The Thai government has banned the release of “Arbat,” a locally-made horror film that was set to have released later this week.
The Ministry of Culture said Monday that its Film and Media Screening Committee banned the film because it was disrespectful to monks and novices.
The film, directed by Kanittha Kwunyoo, tells the story of a young man who is forced by his father to become a monk. The young man later develops an intimate relationship with a village girl.
Producer and distributor, Sahamongkolfilm quickly cancelled a press screening scheduled for Tuesday and halted the commercial release planned for Thursday. It is allowed to appeal the ban.
Following the release of the film’s trailer last month, protest groups wrote to the ministry calling for a ban on the grounds that the film’s depictions may cause people to lose their Buddhist faith.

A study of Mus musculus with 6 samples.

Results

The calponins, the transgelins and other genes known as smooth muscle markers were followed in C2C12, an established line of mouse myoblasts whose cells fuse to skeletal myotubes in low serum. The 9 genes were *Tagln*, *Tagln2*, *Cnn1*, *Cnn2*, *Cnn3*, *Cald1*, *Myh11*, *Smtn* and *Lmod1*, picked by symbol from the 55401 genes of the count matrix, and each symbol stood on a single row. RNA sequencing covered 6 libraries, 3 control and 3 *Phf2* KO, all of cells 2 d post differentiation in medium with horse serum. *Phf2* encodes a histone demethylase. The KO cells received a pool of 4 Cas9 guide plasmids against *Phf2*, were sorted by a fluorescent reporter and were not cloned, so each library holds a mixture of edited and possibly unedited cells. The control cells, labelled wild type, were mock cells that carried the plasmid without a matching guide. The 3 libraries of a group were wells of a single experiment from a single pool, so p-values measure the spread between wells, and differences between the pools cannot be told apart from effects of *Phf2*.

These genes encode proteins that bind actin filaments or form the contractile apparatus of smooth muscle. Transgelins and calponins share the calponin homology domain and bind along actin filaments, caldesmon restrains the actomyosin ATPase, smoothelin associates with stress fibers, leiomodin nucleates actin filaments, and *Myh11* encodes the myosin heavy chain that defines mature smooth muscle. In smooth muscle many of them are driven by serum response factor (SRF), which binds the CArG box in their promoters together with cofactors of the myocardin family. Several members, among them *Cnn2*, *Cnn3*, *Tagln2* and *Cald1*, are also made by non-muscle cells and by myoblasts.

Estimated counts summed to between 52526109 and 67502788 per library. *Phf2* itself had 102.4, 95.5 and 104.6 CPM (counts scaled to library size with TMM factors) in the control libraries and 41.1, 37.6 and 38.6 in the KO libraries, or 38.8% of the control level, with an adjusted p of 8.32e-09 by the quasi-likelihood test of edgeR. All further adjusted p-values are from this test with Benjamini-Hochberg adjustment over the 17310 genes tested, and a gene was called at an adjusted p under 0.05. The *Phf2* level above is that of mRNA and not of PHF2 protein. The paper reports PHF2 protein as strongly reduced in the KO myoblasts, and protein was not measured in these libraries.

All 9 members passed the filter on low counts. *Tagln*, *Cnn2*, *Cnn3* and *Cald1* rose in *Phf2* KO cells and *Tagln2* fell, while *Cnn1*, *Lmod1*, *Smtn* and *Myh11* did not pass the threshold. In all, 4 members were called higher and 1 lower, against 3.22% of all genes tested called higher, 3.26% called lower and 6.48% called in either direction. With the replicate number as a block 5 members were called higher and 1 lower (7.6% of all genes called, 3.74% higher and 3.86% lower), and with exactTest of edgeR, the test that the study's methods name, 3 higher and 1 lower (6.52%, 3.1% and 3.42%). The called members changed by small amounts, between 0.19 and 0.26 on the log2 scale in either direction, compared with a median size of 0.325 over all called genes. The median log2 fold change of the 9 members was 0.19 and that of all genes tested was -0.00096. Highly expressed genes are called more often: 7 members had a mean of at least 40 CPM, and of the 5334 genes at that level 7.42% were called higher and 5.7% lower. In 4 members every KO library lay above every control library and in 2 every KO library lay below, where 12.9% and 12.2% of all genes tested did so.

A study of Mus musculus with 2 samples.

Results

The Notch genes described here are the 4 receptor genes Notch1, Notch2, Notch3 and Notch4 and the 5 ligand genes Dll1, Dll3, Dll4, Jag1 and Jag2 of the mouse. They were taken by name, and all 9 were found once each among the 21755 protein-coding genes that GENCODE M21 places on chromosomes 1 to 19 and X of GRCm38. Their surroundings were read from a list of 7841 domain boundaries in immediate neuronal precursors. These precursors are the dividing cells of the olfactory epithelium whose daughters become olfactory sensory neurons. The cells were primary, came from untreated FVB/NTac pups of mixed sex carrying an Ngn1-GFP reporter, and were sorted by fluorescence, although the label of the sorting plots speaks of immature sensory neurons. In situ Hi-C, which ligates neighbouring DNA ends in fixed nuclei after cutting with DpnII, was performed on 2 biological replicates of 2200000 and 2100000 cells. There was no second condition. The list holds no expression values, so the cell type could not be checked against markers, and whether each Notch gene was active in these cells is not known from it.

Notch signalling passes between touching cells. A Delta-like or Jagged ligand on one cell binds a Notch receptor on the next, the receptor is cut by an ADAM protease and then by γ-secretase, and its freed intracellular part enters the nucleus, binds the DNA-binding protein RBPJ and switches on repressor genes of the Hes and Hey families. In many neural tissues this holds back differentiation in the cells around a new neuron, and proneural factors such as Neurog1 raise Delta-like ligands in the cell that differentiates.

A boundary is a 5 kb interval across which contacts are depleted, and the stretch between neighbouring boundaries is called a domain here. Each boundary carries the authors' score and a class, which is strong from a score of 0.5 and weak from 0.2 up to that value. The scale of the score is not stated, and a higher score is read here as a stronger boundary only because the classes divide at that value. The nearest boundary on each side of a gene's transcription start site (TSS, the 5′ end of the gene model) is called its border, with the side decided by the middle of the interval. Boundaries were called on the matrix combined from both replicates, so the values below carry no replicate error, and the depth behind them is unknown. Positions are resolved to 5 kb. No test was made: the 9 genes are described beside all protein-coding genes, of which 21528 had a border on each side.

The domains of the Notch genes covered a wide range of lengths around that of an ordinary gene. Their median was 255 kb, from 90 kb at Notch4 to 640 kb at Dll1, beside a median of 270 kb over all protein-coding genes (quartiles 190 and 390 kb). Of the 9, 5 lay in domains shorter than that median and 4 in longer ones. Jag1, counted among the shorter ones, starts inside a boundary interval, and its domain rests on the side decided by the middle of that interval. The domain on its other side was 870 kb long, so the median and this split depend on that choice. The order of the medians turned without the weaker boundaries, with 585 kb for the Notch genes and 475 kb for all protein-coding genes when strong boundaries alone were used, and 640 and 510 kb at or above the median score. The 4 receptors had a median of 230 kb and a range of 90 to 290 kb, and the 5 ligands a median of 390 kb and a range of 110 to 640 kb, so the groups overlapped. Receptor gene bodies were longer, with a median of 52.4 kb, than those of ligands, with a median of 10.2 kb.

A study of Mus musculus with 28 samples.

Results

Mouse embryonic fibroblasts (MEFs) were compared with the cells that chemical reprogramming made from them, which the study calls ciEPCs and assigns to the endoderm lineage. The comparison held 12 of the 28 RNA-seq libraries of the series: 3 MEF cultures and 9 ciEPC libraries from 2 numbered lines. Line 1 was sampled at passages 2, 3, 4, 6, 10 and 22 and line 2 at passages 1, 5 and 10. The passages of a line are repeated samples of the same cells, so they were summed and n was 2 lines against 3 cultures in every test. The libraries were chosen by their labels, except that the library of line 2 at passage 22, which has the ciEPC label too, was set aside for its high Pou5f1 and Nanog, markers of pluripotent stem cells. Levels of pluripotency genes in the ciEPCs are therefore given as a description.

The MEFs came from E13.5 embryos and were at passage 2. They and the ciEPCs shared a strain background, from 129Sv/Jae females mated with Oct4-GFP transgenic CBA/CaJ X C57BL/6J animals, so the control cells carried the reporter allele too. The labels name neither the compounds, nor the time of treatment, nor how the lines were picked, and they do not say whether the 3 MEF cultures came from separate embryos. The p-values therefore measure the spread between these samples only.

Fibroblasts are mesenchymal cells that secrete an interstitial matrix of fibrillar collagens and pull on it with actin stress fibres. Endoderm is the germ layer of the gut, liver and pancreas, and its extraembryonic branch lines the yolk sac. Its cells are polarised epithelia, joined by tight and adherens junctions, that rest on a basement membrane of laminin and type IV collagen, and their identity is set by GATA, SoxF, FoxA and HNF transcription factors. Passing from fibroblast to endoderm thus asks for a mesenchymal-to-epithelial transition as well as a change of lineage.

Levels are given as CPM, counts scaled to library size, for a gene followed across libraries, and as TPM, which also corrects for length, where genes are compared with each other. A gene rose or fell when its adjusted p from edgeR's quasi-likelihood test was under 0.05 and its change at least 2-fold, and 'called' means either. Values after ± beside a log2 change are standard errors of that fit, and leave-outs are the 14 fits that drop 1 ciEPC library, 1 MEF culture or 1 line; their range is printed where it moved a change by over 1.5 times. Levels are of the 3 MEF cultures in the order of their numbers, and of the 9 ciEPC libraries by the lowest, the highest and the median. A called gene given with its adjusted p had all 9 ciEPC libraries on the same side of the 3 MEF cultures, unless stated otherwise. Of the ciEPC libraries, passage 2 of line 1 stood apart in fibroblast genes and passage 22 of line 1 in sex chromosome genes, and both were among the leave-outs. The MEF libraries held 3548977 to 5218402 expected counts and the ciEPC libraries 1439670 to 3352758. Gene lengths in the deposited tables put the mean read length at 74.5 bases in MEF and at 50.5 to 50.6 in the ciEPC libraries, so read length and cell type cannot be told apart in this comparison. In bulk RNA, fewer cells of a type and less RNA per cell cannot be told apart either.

The ministry gave four reasons for its ban: depiction of monks engaged in violent conduct; monks drinking alcohol; monks in sexual relations; portraying images that are disrespectful to Buddha. Three of these contravene the five central precepts of Buddhism. The ministry said that the ban could be reversed if cuts were made to the movie.
Thai officialdom has previously intervened to defend the public image of the Buddhist religion as portrayed by the movie industry. In 2006 Apichatpong Weerasethakul’s “Syndromes and a Century” was banned for showing monks kissing, drinking and playing guitar. Weerasethakul, who went on to win the Palme d’Or at Cannes in 2010 with “Uncle Boonmee Who Can Recall His Past Lives,” refused to make cuts and “Syndromes” remains unreleased in Thailand.
However, Thai news media regularly carries reports of monks who have made vast personal fortunes from their religious services, become celebrities and live decadent, materialistic lives.